About Holkham Bay beaches, Norfolk
The 69km (43 mile) stretch of North Norfolk coast is a mix of sublime sandy beaches, velvet-green pine forests, flourishing saltmarshes, weird mudflats, windmills and pretty villages. Much is designated as an Area of Outstanding Natural Beauty, and there are some lovely walking trails. It’s a wonderful area for birdwatching and wildlife, as well as watersports, and is as dramatically beautiful in the wilds of winter as it is basking in the summer sun.
Holkham Bay is the finest beach on the North Norfolk coast, and a contender for one of the best in Britain. Around 5km (3 miles) of shimmering white-gold sand stretch as far as the eye can see, hidden away behind a pine forest. It’s a marvellous surprise following the short walk from the nearby car park.
Besides pines, the beach is backed by sea lavender and golden dunes, and a row of shabby-chic, brightly painted beach huts. Look out for dark green fritillary butterflies and peregrine falcons. But take care swimming – only swim where it is marked safe by red and yellow flags as there are strong tidal currents.
Beyond the beach:
From the nearby village of Blakeney, several companies offer boat trips to see the seal colony on Blakeney Point. Around 500 common and grey seals live there, and the best time to see them is between June and August when there will be lots of furry, white pups, or in September when you might get to see their mating dance. Trips take around one hour and run every day from April to October.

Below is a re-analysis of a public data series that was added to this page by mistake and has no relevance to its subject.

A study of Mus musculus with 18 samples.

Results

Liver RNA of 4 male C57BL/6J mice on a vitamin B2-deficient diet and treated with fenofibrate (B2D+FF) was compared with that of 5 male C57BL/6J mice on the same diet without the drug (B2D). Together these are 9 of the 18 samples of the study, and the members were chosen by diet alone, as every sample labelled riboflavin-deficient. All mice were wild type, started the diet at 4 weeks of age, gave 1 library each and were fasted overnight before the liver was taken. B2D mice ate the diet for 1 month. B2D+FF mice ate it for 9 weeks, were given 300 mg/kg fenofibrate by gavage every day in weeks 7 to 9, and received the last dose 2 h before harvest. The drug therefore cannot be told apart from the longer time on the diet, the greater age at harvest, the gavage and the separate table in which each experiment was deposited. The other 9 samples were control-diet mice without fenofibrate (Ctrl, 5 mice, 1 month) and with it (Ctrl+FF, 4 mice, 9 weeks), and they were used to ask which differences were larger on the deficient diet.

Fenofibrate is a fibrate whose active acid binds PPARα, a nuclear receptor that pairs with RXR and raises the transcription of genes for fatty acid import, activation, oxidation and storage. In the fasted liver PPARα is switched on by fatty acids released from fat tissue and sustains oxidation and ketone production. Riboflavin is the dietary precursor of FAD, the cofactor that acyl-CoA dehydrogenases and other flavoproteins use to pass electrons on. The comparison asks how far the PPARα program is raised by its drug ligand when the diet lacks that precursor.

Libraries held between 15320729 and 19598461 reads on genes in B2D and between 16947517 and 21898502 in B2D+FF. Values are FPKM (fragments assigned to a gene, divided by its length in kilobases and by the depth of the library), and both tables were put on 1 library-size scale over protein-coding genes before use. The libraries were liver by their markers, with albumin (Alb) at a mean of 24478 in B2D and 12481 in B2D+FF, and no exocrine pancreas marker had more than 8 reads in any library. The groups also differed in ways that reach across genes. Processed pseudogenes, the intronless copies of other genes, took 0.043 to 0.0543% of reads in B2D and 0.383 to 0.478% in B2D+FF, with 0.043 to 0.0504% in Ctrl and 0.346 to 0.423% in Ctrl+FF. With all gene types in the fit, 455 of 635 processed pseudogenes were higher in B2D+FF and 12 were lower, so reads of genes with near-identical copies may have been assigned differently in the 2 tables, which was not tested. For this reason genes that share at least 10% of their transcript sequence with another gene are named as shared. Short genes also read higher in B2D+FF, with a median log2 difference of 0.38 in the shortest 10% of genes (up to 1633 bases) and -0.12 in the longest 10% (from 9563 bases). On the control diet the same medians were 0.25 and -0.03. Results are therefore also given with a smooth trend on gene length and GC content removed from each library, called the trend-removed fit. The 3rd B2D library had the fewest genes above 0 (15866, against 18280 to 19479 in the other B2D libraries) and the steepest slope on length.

Holkham Bay is ideal for building sandcastles, flying kites, splashing around, picnics and running about. You might even spot the Queen, who has been known to walk her corgis here – her country retreat is only a few miles away at Sandringham. Pools of water often form on the beach, creating safe paddling pools where children can play.
A few miles from Holkham, Wells-Next-the-Sea is a charming little Georgian town that rewards a curious wander and attracts hoards of ice cream-toting tourists in summer. On the outskirts of town is the Narrow Gauge Steam Train (www.wellswalsinghamrailway.co.uk), which puffs the 6.5km (4 miles) to Little Walsingham with its ruined abbey, or else take the toytown-like Wells Harbour Railway to the beach.
If stately homes are your bag, you’re in for a treat: the Palladian mansion of Holkham Hall (www.holkham.co.uk) is 3km (2 miles) away, set in a vast and verdant deer park close to the beach. Holkham is also on the Peddar Way or Norfolk Coastal Path, and you can walk a glorious section to the picturesque windmill at Burnham (and then take the bus back).
Head down the coast to Brancaster Staithe and take a boat trip to catch a sight of the seals and birds at Blakeney Point with Beans Boat Trips (www.beansboattrips.co.uk). From April to October visitors can head out with the knowledgeable crew to sea the cute creatures basking pn the sandbanks and swimming inquisitively around the boat – perfect for photo opportunities.
Have a look at the Big Sky Gallery (www.bigbluesky.uk.com) on the way out of town, which sells ‘beautiful things’ created in Norfolk. Many of the sculptures and furniture are made from reclaimed materials found along the coast.